Hundreds of years ago, before all things herbal were a trend, people were growing rue as a medicinal plant. This short-lived woody perennial herb is a mysterious species with broad-ranging and seemingly contradictory uses and applications: It has been used both as a witchcraft ingredient and a holy water additive, and it is touted as a flea repellant as well as a desirable seasoning for sausage and fish. But despite its traditional culinary use, it can be a dangerous plant to use for your own homemade preparations; rue can be quite poisonous when eaten in raw form or even when touched.
But even if you don't explore the herbal uses of this strong-smelling plant, you can still appreciate the way its summer blooms draw butterflies and beneficial parasitic wasps to the garden. When not in bloom, the bluish-green fern-like foliage is a handsome asset in the flower and herb garden.
Rue is normally planted from potted nursery starts or from seeds planted in the garden once spring soil temperatures reach 68 degrees Fahrenheit. It germinates in one to four weeks and quickly grows to its mature size as a shrubby plant.
|Botanical Name||Ruta graveolens|
|Common Name||Rue, common rue, herb-of-grace, herby grass|
|Plant Type||Perennial herb|
|Mature Size||2–3 feet tall, similar width|
|Sun Exposure||Full sun (tolerates some shade)|
|Soil Type||Average to poor soil|
|Soil pH||6.5 to 8.5 (slightly acidic to alkaline)|
|Hardiness Zones||4–8 (USDA)|
|Native Area||Southern Europe|
|Toxicity||In raw form, highly toxic to people and animals|
If you choose a sunny site with good drainage for your rue plants, they almost certainly will thrive with virtually no care. Rue flowers are good candidates for tough sites, and will even grow in gravel. If your garden has heavy or wet soil, consider container culture.
These woody perennials should be cut back to old wood in the spring before new growth starts. Although short-lived (about five years is average), rue self-seeds readily, so a patch is generally self-sustaining.
Rue is more often grown as an ornamental plant than in its traditional role as an herb. It is frequently used in borders and screens, or to lure butterflies (especially swallowtails) to the garden. It also has a reputation for repelling cats, so it is sometimes planted for this purpose.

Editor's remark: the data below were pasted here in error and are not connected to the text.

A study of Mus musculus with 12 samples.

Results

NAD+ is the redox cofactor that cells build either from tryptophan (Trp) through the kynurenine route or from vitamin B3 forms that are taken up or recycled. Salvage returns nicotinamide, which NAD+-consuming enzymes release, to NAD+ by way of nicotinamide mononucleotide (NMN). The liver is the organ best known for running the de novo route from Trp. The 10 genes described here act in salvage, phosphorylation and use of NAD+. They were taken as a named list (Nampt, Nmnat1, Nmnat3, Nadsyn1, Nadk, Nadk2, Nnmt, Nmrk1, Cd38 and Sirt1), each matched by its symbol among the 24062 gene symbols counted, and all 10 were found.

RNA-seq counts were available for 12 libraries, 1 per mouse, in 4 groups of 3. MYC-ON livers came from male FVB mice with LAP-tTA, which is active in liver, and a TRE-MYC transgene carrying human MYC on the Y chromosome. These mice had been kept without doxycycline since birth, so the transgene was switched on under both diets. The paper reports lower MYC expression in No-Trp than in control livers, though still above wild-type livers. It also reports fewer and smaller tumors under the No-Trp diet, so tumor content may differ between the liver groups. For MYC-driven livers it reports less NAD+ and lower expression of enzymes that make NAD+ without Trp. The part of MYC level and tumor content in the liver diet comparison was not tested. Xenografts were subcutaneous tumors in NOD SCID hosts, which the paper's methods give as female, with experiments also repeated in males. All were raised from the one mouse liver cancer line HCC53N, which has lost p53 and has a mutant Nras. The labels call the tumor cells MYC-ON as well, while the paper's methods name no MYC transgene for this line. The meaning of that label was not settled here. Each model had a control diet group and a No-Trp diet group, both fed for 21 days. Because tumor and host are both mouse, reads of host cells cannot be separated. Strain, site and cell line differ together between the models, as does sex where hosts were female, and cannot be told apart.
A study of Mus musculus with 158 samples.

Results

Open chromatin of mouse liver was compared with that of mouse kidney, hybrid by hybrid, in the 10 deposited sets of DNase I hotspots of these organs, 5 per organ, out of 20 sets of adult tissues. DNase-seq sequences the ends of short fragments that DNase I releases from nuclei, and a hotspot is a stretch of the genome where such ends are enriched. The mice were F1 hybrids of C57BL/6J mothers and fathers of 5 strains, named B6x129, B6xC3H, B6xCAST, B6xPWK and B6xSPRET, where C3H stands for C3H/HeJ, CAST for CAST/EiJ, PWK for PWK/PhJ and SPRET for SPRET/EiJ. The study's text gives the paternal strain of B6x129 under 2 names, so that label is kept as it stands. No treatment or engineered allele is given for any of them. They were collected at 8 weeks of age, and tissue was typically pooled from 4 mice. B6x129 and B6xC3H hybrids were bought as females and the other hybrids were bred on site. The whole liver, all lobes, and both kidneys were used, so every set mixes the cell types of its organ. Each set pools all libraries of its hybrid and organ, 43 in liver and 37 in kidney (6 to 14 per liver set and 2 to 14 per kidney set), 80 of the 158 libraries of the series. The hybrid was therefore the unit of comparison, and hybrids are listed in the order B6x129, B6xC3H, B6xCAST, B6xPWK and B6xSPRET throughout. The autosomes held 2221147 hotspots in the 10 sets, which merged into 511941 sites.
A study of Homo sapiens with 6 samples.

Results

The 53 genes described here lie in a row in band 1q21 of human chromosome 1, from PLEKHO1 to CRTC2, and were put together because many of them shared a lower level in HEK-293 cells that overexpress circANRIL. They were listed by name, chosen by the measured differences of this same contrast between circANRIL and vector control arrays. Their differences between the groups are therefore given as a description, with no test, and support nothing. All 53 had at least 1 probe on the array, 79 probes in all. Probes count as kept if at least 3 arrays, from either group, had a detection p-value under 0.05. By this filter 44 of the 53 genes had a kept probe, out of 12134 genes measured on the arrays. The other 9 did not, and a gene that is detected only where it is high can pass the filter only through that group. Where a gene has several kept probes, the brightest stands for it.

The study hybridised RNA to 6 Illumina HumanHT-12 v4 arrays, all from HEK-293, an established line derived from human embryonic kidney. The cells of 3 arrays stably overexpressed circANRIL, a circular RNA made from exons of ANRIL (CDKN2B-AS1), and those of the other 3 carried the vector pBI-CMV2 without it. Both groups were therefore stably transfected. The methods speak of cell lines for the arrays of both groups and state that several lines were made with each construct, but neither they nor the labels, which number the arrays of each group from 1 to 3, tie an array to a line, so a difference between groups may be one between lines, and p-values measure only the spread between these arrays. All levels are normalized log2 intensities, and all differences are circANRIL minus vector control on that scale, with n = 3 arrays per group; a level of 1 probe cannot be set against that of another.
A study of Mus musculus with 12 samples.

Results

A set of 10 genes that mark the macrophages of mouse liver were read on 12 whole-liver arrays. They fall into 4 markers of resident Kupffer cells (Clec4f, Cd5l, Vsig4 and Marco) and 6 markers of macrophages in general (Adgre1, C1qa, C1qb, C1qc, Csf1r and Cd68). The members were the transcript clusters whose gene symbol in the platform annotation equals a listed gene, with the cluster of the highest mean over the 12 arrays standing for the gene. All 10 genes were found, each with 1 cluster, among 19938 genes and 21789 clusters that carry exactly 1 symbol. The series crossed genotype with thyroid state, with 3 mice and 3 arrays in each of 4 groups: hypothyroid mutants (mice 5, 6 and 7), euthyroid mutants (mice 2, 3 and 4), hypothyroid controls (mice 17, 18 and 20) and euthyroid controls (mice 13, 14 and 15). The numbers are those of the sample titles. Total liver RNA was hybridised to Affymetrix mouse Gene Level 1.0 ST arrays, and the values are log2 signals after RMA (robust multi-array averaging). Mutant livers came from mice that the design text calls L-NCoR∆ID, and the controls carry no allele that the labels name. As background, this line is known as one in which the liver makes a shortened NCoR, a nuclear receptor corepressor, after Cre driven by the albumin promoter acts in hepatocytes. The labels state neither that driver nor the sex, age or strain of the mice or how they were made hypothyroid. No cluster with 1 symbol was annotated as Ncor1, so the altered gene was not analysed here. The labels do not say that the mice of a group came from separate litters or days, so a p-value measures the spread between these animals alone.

Rue flowers grow best in full sun, but part shade is also tolerated. Plants will produce fewer flowers in the shade.
Good, fast drainage is important for healthy rue plants. Add sand, perlite, or vermiculite to the soil to help drainage. Use raised beds with prepared soil in gardens where heavy clay dominates.
Common rue is very drought tolerant and is a good candidate for a xeriscape or rock garden. Do not irrigate rue, except for periods of extensive dry weather.
Temperature and Humidity
Rue flowers thrive in hot weather and low humidity, similar to its native habitat of Greece, Turkey, and Italy.
Do not fertilize rue plants. Excess nutrients will cause the plants to produce more foliage at the expense of the flowers.
Rue is a woody perennial that flowers in late spring on fresh, new wood, so the standard practice is to trim the stems down to old wood in early spring, before new growth begins. Old, woody plants benefit from especially hard pruning.
It's easy to make new rue flower plants through stem cuttings. The stems root quickly in moist sand in warm weather. Take cuttings from fresh new growth in late summer, but take care not to touch the sap when handling the cuttings.
How to Grow Rue From Seed
Rue is easy to start from seeds in the garden or in trays. Sow the seeds on the surface of the soil or coarse potting mix under conditions that are at least 68 degrees Fahrenheit. The seeds need light to germinate, so don't cover the seeds. When the seedlings develop at least two sets of true leaves, they can be transplanted into the garden or into larger pots.
Rue plants will self-seed, sometimes aggressively, in warm regions. You can collect the brown seed capsules in late summer after flowering to plant elsewhere.
Potting and Repotting Rue
The bluish foliage of rue plants marries well with plants that have golden foliage, like the gold cultivars of oregano, sage, or thyme. These herbs all like the same sunny, dry conditions and well-drained soil that rue thrives in, and blend well in mixed containers.
You can grow rue in just about any pot filled with sandy or chunky well-draining soil. Make sure to use a well-draining container and wear gloves and long sleeves when handling these plants. Repotting is necessary when you see roots coming out of the drainage holes of the pot.
When it comes to harvesting rue, it is best to limit its use to pest repelling, for safety reasons. Although rue is still used in minute quantities to flavor food, the FDA prohibits its use in food products.
Wear gloves to avoid skin irritation when handling rue. Harvest rue by cutting down the entire plant at ground level. Hang the plant in a dark, dry place until the leaves become brittle. You can make rue sachets to discourage fleas and ants, but don't place the sachets in pet beds, as the smell is unpleasant to cats and dogs as well.
Common Pests & Diseases
If you see caterpillars feeding on your rue flower plants, don't spray them. It's likely that they are swallowtail butterfly caterpillars, which use rue as a host plant. Rue plants can get root rot in wet soils, but seldom suffer from other pests or diseases.
Rue vs. Fenugreek
As another bitter herb that bears small yellow flowers, it's easy to confuse fenugreek (Trigonella foenum-graecum) with rue. Fenugreek, however, is an annual legume and does not have some of the properties that rue flowers do. You can grow fenugreek in the sunny garden after all danger of frost has passed, and use the ground seeds in curries, or use the leaves in salads.